Todd Clements, a soybean grower of Morganfield, Ky., couldn’t agree more: applying a fungicide to his soybeans is a lucrative move. He has sprayed Stratego® YLD on his soybeans for the past five years at R3/R4 and has annually witnessed the rejuvenation. This season, Clements applied Stratego YLD to all of his soybean acres:
“We really see a big yield difference from spraying Stratego YLD on our soybeans. Probably close to 8 to 10 bushel more. We've had some areas that we did not spray just to compare; we always try to do a check. We’ve had frogeye leaf spot and there's so much other disease out there, so you can see definite response in the plant right after you spray.”
How can you determine if spraying a fungicide is right for your farm? Your final decision should factor in more than weather alone.
Randy Myers, Crop Science product development manager, outlines four environmental conditions to consider:
4 factors for determining fungicide applications
- Moisture: Infections are more aggressive when there are high levels of moisture, which includes rainfall and heavy dew.
- Disease history: If disease has been a problem in the past, there is most likely already a source of inoculum for infection.
- Cultivar sensitivity: Some cultivars are high-yielding but more vulnerable to disease.
- Insecticide applications: If you are already going over the field with an insecticide, mixing in a fungicide consistently results in higher yields and increased ROI.
Bayer agronomists wanted to know as much as you do — does it really pay to apply fungicides to soybeans? We replicated field trials to test yield response to fungicides applied in soybeans. We then calculated the average yield response and average industry costs for product and application.
Of course, the bottom line will come down to a number of factors that are still unknown at the time of this writing, such as what kind of rain and temperatures will finish out the summer. What we do know is that an application of Stratego YLD in soybeans can be as profitable as it is in corn. For the past several years, soybeans treated with Stratego YLD at flowering averaged 3.25 bu/A more than untreated soybeans.* This equates to a profit of $16.41/A for $10 soybeans.
Even if the weather is going your way — an inch of rain per week, moderate temperatures, low winds, and no hail — the conditions that favor good yields are also ripe for disease. The good news is that disease pressure can be prevented. Just as fruits and veggies boost your immune system, fungicides protect soybeans from potential disease.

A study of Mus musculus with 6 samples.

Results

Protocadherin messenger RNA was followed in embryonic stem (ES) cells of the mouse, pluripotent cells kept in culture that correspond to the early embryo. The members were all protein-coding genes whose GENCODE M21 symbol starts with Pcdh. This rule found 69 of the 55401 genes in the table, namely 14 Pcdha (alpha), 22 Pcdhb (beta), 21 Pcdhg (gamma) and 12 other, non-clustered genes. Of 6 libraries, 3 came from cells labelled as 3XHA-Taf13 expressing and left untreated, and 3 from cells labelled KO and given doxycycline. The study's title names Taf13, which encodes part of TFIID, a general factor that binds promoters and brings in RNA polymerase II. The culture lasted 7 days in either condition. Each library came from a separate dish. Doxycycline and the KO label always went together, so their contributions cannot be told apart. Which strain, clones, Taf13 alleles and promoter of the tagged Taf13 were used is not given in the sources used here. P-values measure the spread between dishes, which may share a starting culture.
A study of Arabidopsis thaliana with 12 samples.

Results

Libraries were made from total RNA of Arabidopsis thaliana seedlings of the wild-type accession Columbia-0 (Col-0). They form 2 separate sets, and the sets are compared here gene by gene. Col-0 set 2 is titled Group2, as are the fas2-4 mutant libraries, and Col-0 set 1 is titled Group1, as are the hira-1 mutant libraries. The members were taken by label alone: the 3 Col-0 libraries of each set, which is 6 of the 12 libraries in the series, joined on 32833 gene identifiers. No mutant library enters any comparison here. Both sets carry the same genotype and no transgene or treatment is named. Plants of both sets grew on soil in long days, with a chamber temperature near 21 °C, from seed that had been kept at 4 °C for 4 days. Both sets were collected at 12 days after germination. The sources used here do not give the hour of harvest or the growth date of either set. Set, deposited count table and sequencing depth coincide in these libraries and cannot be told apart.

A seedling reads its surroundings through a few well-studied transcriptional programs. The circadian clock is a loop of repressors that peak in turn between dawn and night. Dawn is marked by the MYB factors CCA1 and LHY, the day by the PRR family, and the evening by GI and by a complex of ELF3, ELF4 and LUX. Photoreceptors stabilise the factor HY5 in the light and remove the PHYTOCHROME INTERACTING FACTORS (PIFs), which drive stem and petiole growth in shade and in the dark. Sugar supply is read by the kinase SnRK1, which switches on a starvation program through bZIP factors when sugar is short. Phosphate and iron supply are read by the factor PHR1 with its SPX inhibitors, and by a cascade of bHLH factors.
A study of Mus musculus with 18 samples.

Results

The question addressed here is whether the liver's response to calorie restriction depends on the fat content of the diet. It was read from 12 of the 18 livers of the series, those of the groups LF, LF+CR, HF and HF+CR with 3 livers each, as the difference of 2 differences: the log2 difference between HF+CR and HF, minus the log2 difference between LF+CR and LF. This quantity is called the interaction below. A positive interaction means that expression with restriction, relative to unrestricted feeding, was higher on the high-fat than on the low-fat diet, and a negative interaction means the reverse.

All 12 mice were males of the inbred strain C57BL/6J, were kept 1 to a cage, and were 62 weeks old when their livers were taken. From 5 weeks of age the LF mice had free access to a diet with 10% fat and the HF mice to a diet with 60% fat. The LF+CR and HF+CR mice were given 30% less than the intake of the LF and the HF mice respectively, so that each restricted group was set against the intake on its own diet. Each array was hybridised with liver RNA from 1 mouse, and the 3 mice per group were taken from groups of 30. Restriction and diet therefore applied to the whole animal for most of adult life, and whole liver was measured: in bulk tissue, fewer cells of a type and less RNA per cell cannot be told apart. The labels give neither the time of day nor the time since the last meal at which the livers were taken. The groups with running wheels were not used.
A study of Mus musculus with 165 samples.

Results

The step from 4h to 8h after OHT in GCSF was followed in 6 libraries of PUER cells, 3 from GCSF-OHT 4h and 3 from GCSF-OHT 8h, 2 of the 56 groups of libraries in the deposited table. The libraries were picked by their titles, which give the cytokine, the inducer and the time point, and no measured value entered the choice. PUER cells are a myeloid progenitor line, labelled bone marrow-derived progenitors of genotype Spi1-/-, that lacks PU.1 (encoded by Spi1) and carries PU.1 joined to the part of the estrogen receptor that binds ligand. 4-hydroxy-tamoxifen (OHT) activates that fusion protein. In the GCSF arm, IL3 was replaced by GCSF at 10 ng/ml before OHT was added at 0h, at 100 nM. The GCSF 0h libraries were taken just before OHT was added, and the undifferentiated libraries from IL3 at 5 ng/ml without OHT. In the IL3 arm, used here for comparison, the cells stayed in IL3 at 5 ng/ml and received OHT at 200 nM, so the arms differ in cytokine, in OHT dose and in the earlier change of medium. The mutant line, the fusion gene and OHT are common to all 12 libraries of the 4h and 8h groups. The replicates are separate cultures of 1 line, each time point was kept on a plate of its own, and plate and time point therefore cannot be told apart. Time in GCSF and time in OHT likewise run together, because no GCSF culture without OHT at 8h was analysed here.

Still, don’t wait until the last minute when summer is in full swing to make your final decision. Get a head start and do your homework. Scouting should begin with an analysis of the past few seasons. Fields with a history of disease should be monitored first.
Fungicide facts every grower should know
- Fungicides work to provide growers with valuable ROI. When commodity prices are low, it is even more important to bring in the best yield.
- Application timing dramatically affects performance.
- Fungicides can’t fix everything. If the field is suffering from a nutrient deficiency, a fungicide can’t increase yield to where it should have been. Fix the underlying problem.
Frogeye leaf spot and brown spot are two of the most prevalent diseases the Mid-South faces. Both can sneak up early, requiring earlier identification than other diseases. The two tend to begin low in the canopy and work their way through the layers of leaves.
“Since a good soybean field typically has a closed canopy by R2, the presence of frogeye leaf spot and brown spot may require an earlier fungicide application,” Myers says. “Once the canopy closes, getting the active ingredient into the understory where the pathogens are active is very difficult."
Some soybean growers apply an early-season and at-flowering fungicide application, but if you only plan to make one treatment, R3 is your best bet. This growth stage will protect the greatest percentage of your canopy.
So nail the timing. That’s critical. Then you will be rewarded with growing a plant that’s healthier, greener, and ready to reach its full yield potential.
*Assumes Stratego YLD in soybeans using industry average for product cost and assuming a tankmix with a planned application of herbicides or insecticides.